One of the questions that is often asked on the online support group is why our members often have skin problems. Is it because of medication? The environment? Central heating in winter? Or is it down to our lymphoedema?
There isn't one simple answer. What we do know is skin is our largest organ and whether you have lymphoedema or not we owe it to ourselves to take loving care of it. Prevent our skin from drying out, check for cuts, grazes, rashes and treat immediately to stop infection getting in.
Bath or Shower?
When you have your bath/shower make sure you test the water temperature. Optimum shower temperature 32°- 42 ° Celsius. Ours is kept on 38° c because this suits me and my husband. It's a personal choice. We are lucky as our shower has its own thermostat. Extreme cold water temperatures are not good for lymphoedema skin, neither is anything too hot. Make sure you dry your skin thoroughly. Especially between fingers, toes, skin folds.
Wash your skin everyday
Use soap free cleansers (Aqueous Cream) that will not dry your skin out.
Dry you skin carefully, paying attention to between the fingers, toes and skin folds
Moisturising is an effective way to avoid dry skin, after your bath or shower get into the habit of treating your skin daily.
If you wear a sleeve or any form of compression garments, then moisturise at night before you go to bed.
Preferably use a non-scented low pH level soap and moisturiser as they are less likely to dry out the skin.
Moisturise from within by drinking more glasses of water.
Our skin is our largest organ - selfcare - love your skin
Why is skincare so important?
Living with lymphoedema you may be more likely to develop skin infections to your affected area or limb because lymph fluid drainage is reduced, and you have a compromised immune system. Your aim is to protect the integrity of your skin to prevent skin breakdown, cellulitis, and other fungal infections. Skin infections may worsen your lymphoedema and make it harder to manage.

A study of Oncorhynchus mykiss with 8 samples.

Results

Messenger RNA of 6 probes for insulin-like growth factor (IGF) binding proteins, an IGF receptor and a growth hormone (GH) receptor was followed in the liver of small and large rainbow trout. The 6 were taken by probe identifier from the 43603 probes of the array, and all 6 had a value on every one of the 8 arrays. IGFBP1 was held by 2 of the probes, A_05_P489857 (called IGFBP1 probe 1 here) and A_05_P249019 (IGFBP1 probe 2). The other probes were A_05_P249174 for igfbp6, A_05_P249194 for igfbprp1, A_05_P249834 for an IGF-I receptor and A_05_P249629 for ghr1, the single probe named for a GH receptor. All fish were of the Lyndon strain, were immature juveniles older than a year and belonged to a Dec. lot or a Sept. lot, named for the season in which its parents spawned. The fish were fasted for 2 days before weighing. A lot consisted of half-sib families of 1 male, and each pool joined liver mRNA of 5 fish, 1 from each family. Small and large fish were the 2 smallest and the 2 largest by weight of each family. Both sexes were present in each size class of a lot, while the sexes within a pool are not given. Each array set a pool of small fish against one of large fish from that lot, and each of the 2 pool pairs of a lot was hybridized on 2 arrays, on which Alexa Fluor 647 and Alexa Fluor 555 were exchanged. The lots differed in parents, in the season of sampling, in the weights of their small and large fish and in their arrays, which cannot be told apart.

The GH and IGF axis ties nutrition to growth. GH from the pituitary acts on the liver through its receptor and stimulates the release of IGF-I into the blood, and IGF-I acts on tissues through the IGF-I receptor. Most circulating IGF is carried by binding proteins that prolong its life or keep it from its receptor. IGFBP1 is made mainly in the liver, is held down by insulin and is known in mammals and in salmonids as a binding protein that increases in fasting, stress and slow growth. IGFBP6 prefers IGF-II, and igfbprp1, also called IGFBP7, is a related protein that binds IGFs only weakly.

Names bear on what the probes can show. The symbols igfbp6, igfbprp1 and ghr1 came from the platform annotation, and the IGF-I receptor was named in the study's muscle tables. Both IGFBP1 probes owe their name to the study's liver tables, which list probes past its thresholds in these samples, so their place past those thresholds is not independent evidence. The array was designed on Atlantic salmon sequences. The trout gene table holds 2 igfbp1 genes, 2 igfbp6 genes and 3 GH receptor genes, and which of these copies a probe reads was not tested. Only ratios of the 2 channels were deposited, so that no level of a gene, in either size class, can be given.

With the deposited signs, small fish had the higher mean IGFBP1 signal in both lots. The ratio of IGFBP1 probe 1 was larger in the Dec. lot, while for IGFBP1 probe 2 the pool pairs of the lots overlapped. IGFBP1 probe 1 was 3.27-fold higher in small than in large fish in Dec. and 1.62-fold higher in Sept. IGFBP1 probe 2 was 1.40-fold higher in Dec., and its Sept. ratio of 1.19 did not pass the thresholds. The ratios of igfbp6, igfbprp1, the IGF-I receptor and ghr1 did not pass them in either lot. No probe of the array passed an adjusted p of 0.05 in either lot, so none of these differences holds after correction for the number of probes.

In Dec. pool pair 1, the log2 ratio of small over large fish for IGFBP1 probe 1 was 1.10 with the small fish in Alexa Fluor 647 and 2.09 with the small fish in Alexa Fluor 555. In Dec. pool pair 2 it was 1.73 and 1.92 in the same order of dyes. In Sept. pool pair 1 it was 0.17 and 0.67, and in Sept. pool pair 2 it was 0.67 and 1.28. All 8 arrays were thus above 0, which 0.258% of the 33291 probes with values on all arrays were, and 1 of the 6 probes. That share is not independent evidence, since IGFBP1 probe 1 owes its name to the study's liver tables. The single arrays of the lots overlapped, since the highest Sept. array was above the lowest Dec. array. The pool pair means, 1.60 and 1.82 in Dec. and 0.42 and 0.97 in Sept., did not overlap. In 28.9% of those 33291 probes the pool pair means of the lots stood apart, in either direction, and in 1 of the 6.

Check your skin daily for changes, look for breaks in the skin, leakage of lymph fluid, unusual redness or more swelling than normal, lymph fluid leaking, indentations.
Remember with skin care as with most things in life there is no one size fits all. We are all different, we have different skin types, and the skin care I use will, not suit you. Skin care is a personal choice, however, do work with your lymphoedema nurse practitioner as you might need specialist creams. If you live in the UK, ask if specialist creams or lotions are available on prescription.
Moisturise everyday, make it part of your daily routine.
Pay particular attention to your elbows and heels. When you do this daily it only takes a few minutes and you owe it to yourself to look after your skin.
CAUTION: Keep moist areas of your skin dry. Keep in between your toes dry as this can be a source of infection.
It is extremely important that those of us who live with lymphoedema should take good care of our skin to prevent infection like cellulitis.
Check daily for:
Breaks in the skin
Treat immediately by washing area thoroughly, apply antiseptic cream. Use insect repellent when necessary.
Avoid any invasive procedures to the affected area.
No BP readings
No Blood tests,
Keep skin hydrated through daily moisturising. However, other ways to hydrate your skin is to moisturise from within. Drink plenty of water.
If you cannot face drinking water try a glass of warm water with a slice of lemon or lime.
Alternatively try herbal tea.
Stay away from caffeine like coffee and fizzy drinks as they may increase your swelling.
Whenever you try new skin care products always remember to do a patch test.
Lymphoedema skin can be super sensitive so please take good care of it.
My favourite shower aid
Foot Towel to dry in between your toes. Essential to keep this area dry to stay
Lotion applicator. If you have limited mobility this handy tool helps.